Written by: Levi Mymko
June 20th 2023
Working in CRM on Tla’amin Territory, coastal BC – The First Two Months.
Hi, my name is Levi and I’m a fourth-year
archaeology major. I started a career change in 2016 after working in the trades for many years and had been picking away at classes for a while, unsure about what field I was interested in. When covid hit, I left my job and went back to school. It was a great opportunity to be able to take any classes I wanted online, as I live in a small community which doesn’t have much in the way of post-secondary education. When covid started to mellow out a bit, I thought it was a good time to get right into it- I had discovered the arch program at SFU, and I decided to go for it.
One thing about deciding about a career is that you need to think about exactly what you want and need in terms of work. This is a pretty big decision, but one of the great things about university is that you can start on one trajectory and end up on a completely different one. After preparing to be a social worker and then a nurse, I decided to pursue archaeology because it ticked off all the boxes. One of those boxes was that there needed to be a job waiting for me when I was finished school. Currently, I have 5 or 6 courses left of my degree, and I already have a job in Cultural Resource Management or CRM. This is the industry where many archaeology students end up – it’s where most of the arch jobs are in Canada, and there are loads of jobs available.
CRM is a curious animal, and I’m still figuring it all out. I have been working for a company for about two months, and from a job standpoint – it’s pretty good. My coworkers and bosses are great. The learning curve has been steep. I’ve been learning how to do a lot of different things, which is great, but can be overwhelming and frustrating at times. I find there is a good mix of field and office work, although I would like to be in the field more often. I’m a physical, outdoorsy person, and in an ideal world I would like 3 field days and two office days a week, but so far it’s been pretty random and we don’t know our schedule that far in advance. Things seem to be in flux a lot of the time, and fieldwork seems to pop up out of nowhere. We often work for forestry companies, the Tla’amin Nation, private citizens, and the city.
As for other aspects of the job, I find working at a computer all day challenging as I have always worked with my hands. I think some of the benefits of working on a computer are that you can a) work from home b) avoid bad weather c) avoid the field if you are injured d) have flexible work hours and e) physical work isn’t for everybody. At my current job, we learn how to do everything. Various methods of field work, reporting, site forms, and mapping. Learning this myriad of skills makes you a valuable employee, and you don’t get pigeonholed into doing the same thing all the time. If you want to work in CRM, and don’t want to work outside shoveling, you don’t have to.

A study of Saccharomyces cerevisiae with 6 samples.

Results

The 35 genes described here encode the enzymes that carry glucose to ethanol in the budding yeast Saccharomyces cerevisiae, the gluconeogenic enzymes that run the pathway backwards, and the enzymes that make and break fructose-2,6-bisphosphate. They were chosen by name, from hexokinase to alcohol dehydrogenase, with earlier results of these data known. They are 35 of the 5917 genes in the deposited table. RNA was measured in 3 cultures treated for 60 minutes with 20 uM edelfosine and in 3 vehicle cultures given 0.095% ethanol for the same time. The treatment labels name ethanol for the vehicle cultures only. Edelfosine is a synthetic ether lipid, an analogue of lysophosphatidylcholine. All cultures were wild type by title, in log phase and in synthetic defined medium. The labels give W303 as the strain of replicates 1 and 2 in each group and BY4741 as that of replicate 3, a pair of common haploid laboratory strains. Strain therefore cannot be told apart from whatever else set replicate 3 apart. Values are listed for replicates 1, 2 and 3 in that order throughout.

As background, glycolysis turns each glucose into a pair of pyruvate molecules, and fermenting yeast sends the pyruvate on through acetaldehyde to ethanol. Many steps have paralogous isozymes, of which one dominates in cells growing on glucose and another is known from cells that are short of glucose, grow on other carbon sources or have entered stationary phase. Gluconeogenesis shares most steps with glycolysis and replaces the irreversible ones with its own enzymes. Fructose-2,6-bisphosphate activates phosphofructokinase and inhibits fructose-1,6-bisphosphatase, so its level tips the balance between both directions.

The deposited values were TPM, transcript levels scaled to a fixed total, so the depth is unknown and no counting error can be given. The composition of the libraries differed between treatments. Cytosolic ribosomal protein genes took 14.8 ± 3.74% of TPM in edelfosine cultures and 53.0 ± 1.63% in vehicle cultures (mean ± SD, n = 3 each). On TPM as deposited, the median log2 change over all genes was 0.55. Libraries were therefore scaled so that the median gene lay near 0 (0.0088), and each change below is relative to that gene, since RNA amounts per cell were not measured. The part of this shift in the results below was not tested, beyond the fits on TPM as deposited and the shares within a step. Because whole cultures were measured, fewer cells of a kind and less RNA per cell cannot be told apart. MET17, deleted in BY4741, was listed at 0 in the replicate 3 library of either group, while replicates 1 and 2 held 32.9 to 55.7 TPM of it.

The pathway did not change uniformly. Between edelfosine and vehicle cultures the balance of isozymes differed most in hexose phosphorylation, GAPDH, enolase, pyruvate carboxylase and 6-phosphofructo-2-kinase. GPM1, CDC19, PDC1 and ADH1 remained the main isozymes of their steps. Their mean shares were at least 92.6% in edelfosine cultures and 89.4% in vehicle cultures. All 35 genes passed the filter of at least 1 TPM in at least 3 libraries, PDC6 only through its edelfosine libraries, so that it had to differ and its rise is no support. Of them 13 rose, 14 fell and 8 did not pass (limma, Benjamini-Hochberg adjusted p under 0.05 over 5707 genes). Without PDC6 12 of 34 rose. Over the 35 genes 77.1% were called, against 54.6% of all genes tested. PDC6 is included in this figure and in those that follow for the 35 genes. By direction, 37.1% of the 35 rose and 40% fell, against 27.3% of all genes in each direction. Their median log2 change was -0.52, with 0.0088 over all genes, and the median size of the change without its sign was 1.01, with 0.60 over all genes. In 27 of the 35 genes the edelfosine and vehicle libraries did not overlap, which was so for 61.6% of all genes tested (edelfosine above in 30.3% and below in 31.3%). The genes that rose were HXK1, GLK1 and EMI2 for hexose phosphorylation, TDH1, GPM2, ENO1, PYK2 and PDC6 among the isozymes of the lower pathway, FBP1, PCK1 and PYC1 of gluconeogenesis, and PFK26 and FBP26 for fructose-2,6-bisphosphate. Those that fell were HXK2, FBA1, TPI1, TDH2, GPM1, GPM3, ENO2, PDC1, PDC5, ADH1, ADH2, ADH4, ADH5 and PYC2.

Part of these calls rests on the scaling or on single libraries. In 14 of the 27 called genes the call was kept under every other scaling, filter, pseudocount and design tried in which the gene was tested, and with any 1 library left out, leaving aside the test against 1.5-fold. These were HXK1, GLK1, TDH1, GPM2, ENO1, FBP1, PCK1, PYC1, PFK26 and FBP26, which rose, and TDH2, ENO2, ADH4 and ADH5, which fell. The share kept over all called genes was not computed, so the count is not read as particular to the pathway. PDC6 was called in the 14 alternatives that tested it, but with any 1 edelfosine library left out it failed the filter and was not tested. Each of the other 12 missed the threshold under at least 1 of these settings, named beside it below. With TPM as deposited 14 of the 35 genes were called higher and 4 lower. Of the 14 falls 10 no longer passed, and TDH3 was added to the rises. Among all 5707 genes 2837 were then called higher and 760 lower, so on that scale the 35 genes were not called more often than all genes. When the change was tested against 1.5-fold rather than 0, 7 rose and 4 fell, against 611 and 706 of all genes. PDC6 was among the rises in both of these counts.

As for the fieldwork, I LOVE forestry. If I could do forestry every day, or maybe 3 days a week, I would be so happy. You basically travel to a cutblock that is slated to be logged and walk the entire thing, looking for archaeological features. I love hiking and the outdoors, so I’m kind of in heaven doing that work. All the fieldwork has been great so far and I love meeting new people and finding cultural material – it’s exciting. I’m learning on the job about lithics and tools, and because I have more of a background in osteology, I’ve been working with human remains which is such a privilege and I feel so honoured to be able to do it. The computer work is mapping using QGIS, and doing reporting for the field work that we do. That can be tedious, but it needs to get done, and if you have a tummyache or want to leave the country for a month, you can do it remotely. I love knowing that’s an option.
If I have any advice for people who are considering going into this line of work, one thing would be to do a field school. You need to know if you are into doing hard physical work, because there is a good amount of that, and you will be doing it in all kinds of weather. I have a lot of experience with that sort of thing, so I know that I love it. Classes that I would strongly recommend are cultural resource management (obviously), archaeology of the Pacific Northwest, any Indigenous studies courses (like ethnobotany), osteology and forensic anthropology, zooarchaeology, material culture analysis, management of archaeological collections, and although I haven’t done any, some skills in mapping that you can acquire from a geography course would be an asset. So much of the knowledge I acquired in the arch program so far has been utilized.
A handful of us in the ASS and some of the profs at SFU work or have worked in CRM, so if you want to talk to me or others, please don’t hesitate to reach out! If you have any questions or just want to talk, we are happy to support you.